April 10, 2019
Once upon a time—and not long ago—it would have been unheard of to try a cannabis civil lawsuit in an American courtroom.
However, the cannabis industry cannot be ignored. With most U.S. states having established some form of marijuana legalization, and international jurisdictions acting similarly, the pace of commercial activity in the space has accelerated. Similarly, a swell of business activity surrounds hemp and hemp-derived products, particularly with much attention being paid to cannabidiol (CBD). The passage of the 2018 Farm Bill further added momentum to an already popular cannabis market.
The cannabis industry is made of more than greenhouses and dispensaries. Cannabis entrepreneurship is thriving. Beyond the plant-touching businesses—those involved in the actual cultivation, processing, and/or sale of marijuana, hemp or derivations of either—all kinds of ancillary companies and service providers participate in the cannabis marketplace.
Within this fast-maturing cannabis economy, as in all industries, disputes arise that sometimes need to be litigated. After all, apart from their regulatory obligations, cannabis businesses and their owners are still subject to civil laws like all other businesses. Disputes can arise when, to name just a few scenarios, well-intentioned deals go wrong, people conduct business without sufficient legal or regulatory knowledge and guidance, or a business engages in misleading behavior toward consumers.
To illustrate how a dispute may arise from an agreement gone wrong, imagine that Company X promises Company Y it will perform a specific service or deliver a certain product in exchange for money. A common contract dispute might arise when either Company X fails to perform, or Company Y fails to pay. As the cannabis industry matures and bigger business interests are involved in these agreements, more is often at stake for the parties in such a dispute.
But it is naïve to think only one type of lawsuit, or even a handful of disputes, would apply to the cannabis industry. While there are some seemingly unique functions of the regulated cannabis industry, a lawsuit that might be brought in any other commercial setting is possible in this space, too.
While there is no way to avoid any lawsuit from occurring, businesses and individuals can take steps to mitigate risks to legal exposure. This can be done in multiple ways and begins at the inception of any cannabis business activity. Businesses and individuals can consult with legal professionals to understand the regulatory framework of their respective jurisdictions and ensure their operations will be compliant. Legal advice also can be sought in navigating entity formation and other similar procedures new commercial actors may face.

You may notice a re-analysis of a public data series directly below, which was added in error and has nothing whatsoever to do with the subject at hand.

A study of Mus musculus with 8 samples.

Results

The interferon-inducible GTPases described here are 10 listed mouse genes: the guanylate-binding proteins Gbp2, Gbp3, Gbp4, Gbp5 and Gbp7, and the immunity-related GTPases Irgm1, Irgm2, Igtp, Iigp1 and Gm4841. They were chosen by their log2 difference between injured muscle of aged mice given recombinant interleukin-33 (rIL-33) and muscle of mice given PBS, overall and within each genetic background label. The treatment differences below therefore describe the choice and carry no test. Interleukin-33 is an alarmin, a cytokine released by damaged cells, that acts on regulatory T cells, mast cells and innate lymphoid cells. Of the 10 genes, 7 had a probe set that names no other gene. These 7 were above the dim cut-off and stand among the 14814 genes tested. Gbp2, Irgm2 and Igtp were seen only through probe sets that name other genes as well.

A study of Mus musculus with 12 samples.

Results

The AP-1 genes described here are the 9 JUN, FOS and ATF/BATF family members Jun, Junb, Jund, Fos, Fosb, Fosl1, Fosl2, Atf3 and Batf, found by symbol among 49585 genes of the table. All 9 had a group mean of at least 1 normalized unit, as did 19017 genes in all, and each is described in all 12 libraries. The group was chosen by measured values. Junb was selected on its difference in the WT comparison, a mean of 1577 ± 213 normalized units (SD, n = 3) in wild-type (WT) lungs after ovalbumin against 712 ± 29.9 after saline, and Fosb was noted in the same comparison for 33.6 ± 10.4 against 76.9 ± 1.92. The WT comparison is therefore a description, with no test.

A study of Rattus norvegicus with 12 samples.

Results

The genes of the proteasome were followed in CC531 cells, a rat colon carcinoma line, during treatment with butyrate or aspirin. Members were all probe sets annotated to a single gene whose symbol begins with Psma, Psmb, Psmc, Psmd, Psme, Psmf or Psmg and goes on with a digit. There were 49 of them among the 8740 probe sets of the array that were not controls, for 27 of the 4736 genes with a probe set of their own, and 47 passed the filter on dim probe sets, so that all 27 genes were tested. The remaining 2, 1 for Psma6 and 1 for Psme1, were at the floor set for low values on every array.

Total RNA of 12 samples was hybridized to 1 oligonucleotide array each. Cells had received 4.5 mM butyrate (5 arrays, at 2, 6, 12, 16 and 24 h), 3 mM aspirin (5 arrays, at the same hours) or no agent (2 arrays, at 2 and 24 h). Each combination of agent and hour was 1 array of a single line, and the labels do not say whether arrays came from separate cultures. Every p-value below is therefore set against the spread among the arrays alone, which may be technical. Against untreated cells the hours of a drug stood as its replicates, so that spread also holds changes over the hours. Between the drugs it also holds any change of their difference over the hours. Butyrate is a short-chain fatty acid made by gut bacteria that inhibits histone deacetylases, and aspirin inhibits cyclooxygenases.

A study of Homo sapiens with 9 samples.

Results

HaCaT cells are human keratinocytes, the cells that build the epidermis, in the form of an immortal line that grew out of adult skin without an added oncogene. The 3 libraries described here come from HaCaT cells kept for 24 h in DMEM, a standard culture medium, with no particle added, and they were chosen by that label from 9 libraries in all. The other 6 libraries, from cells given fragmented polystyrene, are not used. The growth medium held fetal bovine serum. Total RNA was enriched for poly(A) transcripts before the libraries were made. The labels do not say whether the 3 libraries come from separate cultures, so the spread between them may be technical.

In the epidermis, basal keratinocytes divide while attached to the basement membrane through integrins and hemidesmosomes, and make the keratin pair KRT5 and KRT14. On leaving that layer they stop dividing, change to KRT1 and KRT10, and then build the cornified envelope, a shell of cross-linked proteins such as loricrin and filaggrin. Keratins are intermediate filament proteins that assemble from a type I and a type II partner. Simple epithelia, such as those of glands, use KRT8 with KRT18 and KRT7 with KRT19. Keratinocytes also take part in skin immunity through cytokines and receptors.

Once in operation, consultation with an attorney regarding ongoing business activity also can be important. For example, before entering into any agreement, a business or individual can consult with legal counsel to determine whether the agreement should be in writing, whether the agreement is enforceable in a court of law, and/or whether it contains appropriate terms and provisions for the specific situation.
Beyond these examples, products liability class action lawsuits, patent or trademark infringement lawsuits, deceptive trade practice lawsuits, internal corporate disputes and commercial landlord-tenant lawsuits are just some of the varied ways that cannabis has been the subject of civil litigation.
Still, criminal lawsuits remain; before recently, these were the only type of U.S. cannabis litigation. Despite the optimism and momentum that rules the day in much of the cannabis industry—especially with passage of the 2018 Farm Bill providing protections for hemp and its derivatives— marijuana itself remains a controlled substance under federal law, as well as under state and local laws of some U.S. jurisdictions, in which prosecution of marijuana charges is still an ongoing reality. Individuals and businesses can seek legal consultation as to whether they are acting in compliance with the laws of their respective jurisdictions.
As America’s cannabis industry becomes recognized as a commercial industry like any other, disputes are going to continue to arise, and some of those disputes will continue to become lawsuits. Commercial participants of the cannabis space should be aware that the same exposure to legal claims that exists in other industries will exist here too, and that while lawsuits cannot be avoided, a business can help mitigate that risk.
Darren Kaplan is an associate attorney at Hoban Law Group (hoban.com) in Denver, Colorado. Darren has worked on several legal issues in the cannabis space, specializing thus far in industrial hemp, regulatory compliance (hemp and marijuana), and civil and commercial litigation. This article has been prepared for informational and general guidance purposes only; it does not constitute legal or professional advice. You should not act upon the information contained herein without obtaining specific professional advice. No representation or warranty (express or implied) is made to the accuracy or completeness of the information contained in this publication. Hoban Law Group, its members, employees, and agents accept no liability, and disclaim all responsibility, for the consequences of you or anyone else acting, or refraining to act, in reliance on the information contained in this publication or for any decision based thereupon.